Smaller Babies May Benefit From Iron Supplements
Behavioral problems in low birth weight children may be partially prevented
Babies who are smaller than average at birth might need some extra iron, says a study in Pediatrics. The study suggests that marginally low birth weight babies could have fewer behavioral problems during childhood when they receive supplemental iron during their first six months.
Not a small issue
"There is a well-documented association between low birth weight (less than 2,500 grams or about 5.5 pounds) and increased cognitive and behavioral problems, particularly in extremely or very low birth weight infants," said lead study author, Dr. Staffan Berglund.
Low birth weight babies are also at higher risk for iron deficiency, which itself is a risk factor for impaired neurological development.
Iron supplementation is often recommended for low birth weight babies who are at risk for deficiency. But we don't know as much about how to treat those babies who are at the upper end of the low birth weight category. To look at this, Swedish researchers studied 285 infants with moderately low birth weight (2,000 to 2,500 grams). The babies were given one or two mg of iron per kg of body weight (as ferrous succinate drops) per day or placebo from six weeks to six months of age. Any infant that was anemic by 12 weeks of age was referred to a doctor for treatment.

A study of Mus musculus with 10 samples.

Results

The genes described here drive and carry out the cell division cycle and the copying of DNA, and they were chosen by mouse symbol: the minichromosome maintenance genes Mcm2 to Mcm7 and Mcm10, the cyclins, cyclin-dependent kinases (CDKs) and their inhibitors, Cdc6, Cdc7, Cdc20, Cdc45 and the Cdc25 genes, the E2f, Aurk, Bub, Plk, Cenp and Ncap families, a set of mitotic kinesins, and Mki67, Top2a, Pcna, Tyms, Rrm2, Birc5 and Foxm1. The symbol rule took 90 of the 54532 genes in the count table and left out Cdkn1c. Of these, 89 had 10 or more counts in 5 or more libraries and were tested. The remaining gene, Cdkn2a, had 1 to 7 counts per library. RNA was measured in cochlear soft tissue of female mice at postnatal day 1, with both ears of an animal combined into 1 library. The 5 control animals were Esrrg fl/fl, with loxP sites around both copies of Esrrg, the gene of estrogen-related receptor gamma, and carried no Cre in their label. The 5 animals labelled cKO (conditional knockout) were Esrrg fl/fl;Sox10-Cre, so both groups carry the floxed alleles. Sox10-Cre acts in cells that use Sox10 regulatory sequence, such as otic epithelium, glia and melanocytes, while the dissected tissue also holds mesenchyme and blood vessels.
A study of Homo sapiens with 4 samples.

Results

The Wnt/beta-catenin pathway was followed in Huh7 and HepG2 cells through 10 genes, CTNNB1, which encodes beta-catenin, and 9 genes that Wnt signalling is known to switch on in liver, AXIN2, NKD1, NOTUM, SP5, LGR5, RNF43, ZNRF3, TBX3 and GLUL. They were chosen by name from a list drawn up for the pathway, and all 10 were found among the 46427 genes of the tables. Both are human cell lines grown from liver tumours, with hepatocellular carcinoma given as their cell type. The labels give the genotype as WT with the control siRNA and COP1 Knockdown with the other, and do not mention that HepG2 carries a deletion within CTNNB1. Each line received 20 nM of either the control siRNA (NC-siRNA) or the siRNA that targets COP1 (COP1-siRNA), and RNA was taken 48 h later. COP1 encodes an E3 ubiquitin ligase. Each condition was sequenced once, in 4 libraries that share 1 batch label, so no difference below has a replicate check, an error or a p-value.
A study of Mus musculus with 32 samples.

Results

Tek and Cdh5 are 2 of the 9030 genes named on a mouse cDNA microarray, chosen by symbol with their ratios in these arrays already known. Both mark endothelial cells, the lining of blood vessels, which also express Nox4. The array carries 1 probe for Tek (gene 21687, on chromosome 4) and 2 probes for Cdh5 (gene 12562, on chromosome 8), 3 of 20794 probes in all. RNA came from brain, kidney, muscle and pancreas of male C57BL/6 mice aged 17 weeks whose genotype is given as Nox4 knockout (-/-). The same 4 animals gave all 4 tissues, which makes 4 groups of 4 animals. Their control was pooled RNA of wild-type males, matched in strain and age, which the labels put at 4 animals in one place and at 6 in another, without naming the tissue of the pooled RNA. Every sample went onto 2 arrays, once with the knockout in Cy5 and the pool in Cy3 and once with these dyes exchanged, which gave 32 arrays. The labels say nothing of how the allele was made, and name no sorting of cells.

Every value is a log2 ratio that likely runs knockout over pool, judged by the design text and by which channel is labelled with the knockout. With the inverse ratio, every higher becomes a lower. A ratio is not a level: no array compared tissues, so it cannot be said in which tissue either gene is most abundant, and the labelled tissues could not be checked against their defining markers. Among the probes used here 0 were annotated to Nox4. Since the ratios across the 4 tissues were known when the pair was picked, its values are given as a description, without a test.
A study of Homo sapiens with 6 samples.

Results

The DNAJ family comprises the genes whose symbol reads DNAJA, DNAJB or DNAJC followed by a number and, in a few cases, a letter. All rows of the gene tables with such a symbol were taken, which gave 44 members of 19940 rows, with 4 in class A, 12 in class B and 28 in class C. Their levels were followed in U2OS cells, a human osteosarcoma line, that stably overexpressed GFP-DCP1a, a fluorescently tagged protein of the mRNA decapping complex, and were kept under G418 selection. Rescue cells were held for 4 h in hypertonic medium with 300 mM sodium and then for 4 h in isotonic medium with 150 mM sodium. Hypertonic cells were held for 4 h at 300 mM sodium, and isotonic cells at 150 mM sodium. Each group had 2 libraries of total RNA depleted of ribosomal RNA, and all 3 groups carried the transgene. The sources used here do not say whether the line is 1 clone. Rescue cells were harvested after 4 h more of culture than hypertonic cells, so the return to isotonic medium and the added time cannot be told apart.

When the children turned 3.5 years old, the parents answered a detailed questionnaire that assessed behavioral and emotional problems, and a child psychologist assessed the children's IQ.
There were no significant cognitive differences between the groups at age 3.5. The risk of behavioral problems at 3.5 years old was more than 4.5 times greater among children in the placebo group than among those in the iron-supplemented groups.
"These results not only suggest that the increased risk of behavioral problems in low birth weight children may be partially prevented, but also lend support to a causal relationship between preventive iron supplementation and improved neurobehavioral development in infants at risk for iron deficiency," Berglund concluded.
Be iron smart
The human body can't rid itself of excess iron, and too much of it can be dangerous or even fatal. While supplementing with iron may help improve neurological function in iron deficient babies, giving iron to babies (or anyone) with normal levels can have adverse effects, including increased risk of infections, impaired growth, and impaired cognitive development.
Talk to your pediatrician to see if an iron supplement is right for your child.
Kimberly Beauchamp, ND, received her doctoral degree from Bastyr University, the nation's premier academic institution for science-based natural medicine. She co-founded South County Naturopaths in Wakefield, RI, where she practiced whole family care with an emphasis on nutritional counseling, herbal medicine, detoxification, and food allergy identification and treatment. Her blog, Eat Happy, helps take the drama out of healthy eating with real food recipes and nutrition news that you can use. Dr. Beauchamp is a regular contributor to Healthnotes Newswire.